IPOL Vaccine Description
IPOL vaccine is a highly purified, inactivated poliovirus vaccine with enhanced potency.
IPOL is a sterile suspension consisting of three types of poliovirus: Type 1 (Mahoney), Type 2 (MEF-1), and Type 3 (Saukett).
Sanofi Pasteur's single-antigen IPV (IPOL) is distributed in single-dose syringes or 10-dose vials. In addition, some combination vaccines (several different vaccines in the same shot) contain IPV, such as Pentacel (DTaP-IPV/Hib); IPOL is the inactivated poliovirus vaccine included in the children's vaccine series Pentacel and Quadracel.
Most adults do not need a polio vaccine because they were already vaccinated as children. However, children in the USA should get an inactivated polio vaccine (IPV) to protect against polio or poliomyelitis, says the U.S. CDC. Children traveling to a country where the risk of getting polio is greater should complete the series before leaving for their trip, says the CDC.
Polio is a highly infectious disease caused by a virus. It can invade the nervous system and can cause total paralysis in a matter of hours. The virus enters the body through the mouth and replicates in the intestine. Initial symptoms are fever, fatigue, headache, vomiting, stiffness in the neck, and pain in the limbs. One in 200 infections leads to irreversible paralysis (usually in the legs). Among those paralyzed, 5% to 10% die when their breathing muscles become immobilized, says Sanofi.
The IPOL vaccine is indicated for active immunization of infants (as young as 6 weeks of age), children, and adults to prevent poliomyelitis caused by poliovirus types 1, 2, and 3.
Routine primary poliovirus vaccination of adults (generally those 18 years of age or older) residing in the US is not recommended. However, unimmunized adults who are potentially exposed to wild poliovirus and have not been adequately immunized should receive polio vaccination. In addition, persons with previous wild poliovirus disease who are incompletely immunized or unimmunized should be given additional doses of the IPOL vaccine if they fall into one or more categories listed.
The following categories of adults are at an increased risk of exposure to wild polioviruses: Travelers to regions or countries where poliomyelitis is endemic or epidemic; Healthcare workers in close contact with patients who may be excreting polioviruses; Laboratory workers handling specimens that may contain polioviruses.
IPOL Vaccine Dosage
IPOL is administered intramuscularly or subcutaneously. Single-antigen IPV is distributed in single-dose syringes or 10-dose vials. The recommended dose for both children and adults is 0.5 mL. It can be administered by the intramuscular or subcutaneous route, using a needle length appropriate for the age and size of the person receiving the vaccine.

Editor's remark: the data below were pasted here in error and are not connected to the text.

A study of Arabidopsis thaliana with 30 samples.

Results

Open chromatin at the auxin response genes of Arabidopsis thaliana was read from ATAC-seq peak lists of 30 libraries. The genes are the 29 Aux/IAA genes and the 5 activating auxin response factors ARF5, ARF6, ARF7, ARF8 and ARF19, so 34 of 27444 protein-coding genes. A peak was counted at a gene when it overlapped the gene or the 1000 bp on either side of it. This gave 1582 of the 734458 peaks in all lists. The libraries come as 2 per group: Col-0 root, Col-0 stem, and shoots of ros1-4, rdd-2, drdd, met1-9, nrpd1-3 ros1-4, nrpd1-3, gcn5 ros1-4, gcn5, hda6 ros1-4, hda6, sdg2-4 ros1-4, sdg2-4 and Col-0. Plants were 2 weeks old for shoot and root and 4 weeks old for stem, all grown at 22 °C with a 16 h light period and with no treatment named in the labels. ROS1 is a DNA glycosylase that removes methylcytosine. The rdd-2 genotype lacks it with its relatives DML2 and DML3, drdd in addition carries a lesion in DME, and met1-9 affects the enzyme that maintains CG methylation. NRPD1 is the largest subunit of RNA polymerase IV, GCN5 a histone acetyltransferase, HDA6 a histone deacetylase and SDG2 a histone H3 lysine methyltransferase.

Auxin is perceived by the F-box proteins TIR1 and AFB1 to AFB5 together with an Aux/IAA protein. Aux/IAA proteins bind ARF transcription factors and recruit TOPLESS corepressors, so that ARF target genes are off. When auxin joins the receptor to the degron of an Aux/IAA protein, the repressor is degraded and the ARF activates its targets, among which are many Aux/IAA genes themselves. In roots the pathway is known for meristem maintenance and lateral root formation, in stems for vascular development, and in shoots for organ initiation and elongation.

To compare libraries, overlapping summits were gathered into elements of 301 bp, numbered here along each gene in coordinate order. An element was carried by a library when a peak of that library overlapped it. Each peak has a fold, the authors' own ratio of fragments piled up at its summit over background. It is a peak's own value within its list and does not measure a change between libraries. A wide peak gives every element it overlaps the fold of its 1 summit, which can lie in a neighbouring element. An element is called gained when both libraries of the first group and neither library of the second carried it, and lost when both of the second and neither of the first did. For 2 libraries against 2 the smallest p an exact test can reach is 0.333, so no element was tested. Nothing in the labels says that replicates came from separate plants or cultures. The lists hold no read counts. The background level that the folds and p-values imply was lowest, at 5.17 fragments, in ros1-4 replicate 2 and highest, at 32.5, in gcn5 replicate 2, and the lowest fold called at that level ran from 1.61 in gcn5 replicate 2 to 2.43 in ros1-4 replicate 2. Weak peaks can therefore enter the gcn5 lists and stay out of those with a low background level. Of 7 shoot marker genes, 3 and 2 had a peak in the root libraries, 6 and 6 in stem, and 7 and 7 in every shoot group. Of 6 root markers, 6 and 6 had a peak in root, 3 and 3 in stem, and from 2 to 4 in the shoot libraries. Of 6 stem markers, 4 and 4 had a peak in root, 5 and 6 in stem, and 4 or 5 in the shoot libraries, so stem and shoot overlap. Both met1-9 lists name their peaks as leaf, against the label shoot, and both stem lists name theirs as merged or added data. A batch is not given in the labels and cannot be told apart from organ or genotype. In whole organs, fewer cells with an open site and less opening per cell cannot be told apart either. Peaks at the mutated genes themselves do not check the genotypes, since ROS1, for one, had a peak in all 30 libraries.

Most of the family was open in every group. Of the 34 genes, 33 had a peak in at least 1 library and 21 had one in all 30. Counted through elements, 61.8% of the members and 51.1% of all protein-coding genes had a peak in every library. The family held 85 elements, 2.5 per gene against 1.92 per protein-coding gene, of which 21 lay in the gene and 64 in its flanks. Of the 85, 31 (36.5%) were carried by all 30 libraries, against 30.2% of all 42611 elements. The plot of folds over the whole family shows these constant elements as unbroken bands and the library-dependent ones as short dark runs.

IPOL Vaccine Active Substance
IPOL Vaccine Active substance: Inactivated Poliovirus type 1 (Mahoney) 40D antigen units Inactivated Poliovirus type 2 (MEF-1) 8D antigen units Inactivated Poliovirus type 3 (Saukett) 32D antigen units.
IPOL Vaccine News
June 14, 2021 - The Ministry of Public Health of Afghanistan and WHO, and UNICEF launched the third national polio immunization campaign. Following a challenging year in 2020, the polio program has intensified efforts to eradicate wild poliovirus type 1 (WPV1) and circulating vaccine-derived poliovirus type 2 (cVDPV2) outbreaks exacerbated due to disruptions to polio campaigns because of the COVID-19 pandemic. So far, WPV1 and cVDPV2 outbreaks have been contained in all accessible areas of the country.
March 4, 2021 - The U.S. CDC issued a Travel Alert, which said, 'There are polio outbreaks in several countries in Asia. The CDC recommends that all travelers to these countries be vaccinated fully against polio. In addition, before traveling to these countries, adults who completed their routine polio vaccine series as children should receive a single, lifetime adult booster dose of polio vaccine.
December 9, 2020 - According to the latest report from the Global Polio Eradication Initiative, 4 countries reported additional polio cases involving vaccine-derived polio. Pakistan: five WPV1 positive environmental samples, six cVDPV2 cases, and eight cVDPV2 positive environmental samples; Central African Republic: one cVDPV2 case; Chad: nine cVDPV2 cases; Somalia: one cVDPV2 case.
December 9, 2020 - Scientists evaluated the two nOPV2 candidates in parallel clinical studies in adults, young children, and infants in two different countries to assess their safety and immunogenicity compared with the licensed Sabin mOPV2 designed to replace them. Designed to be more genetically stable than the licensed Sabin oral vaccine, the new vaccine appears safe. In addition, according to the research published in The Lancet, it provides similar immune responses when tested in healthy adults, children, and infants.
November 13, 2020 - The WHO issued an Emergency Use Listing recommendation for the type 2 novel oral polio vaccine (nOPV2).
June 4, 2020 - The world’s largest company devoted exclusively to the research and manufacture of vaccines has discontinued their Poliovax vaccine production, which is produced using a cell line from an aborted child.
December 11, 2019 - FDA: Poliovirus Vaccine Inactivated (Monkey Kidney Cell). IPOL vaccine is indicated for active immunization of infants (as young as 6 weeks of age), children, and adults to prevent poliomyelitis caused by poliovirus types 1, 2, and 3.
March 25, 2015 - Sanofi Pasteur announced that the U.S. FDA approved the use of Quadracel™ (Diphtheria and Tetanus Toxoids and Acellular Pertussis Absorbed and Inactivated Poliovirus; DTaP-IPV) vaccine for active immunization against diphtheria, tetanus, pertussis, and poliomyelitis in children 4 through 6 years of age.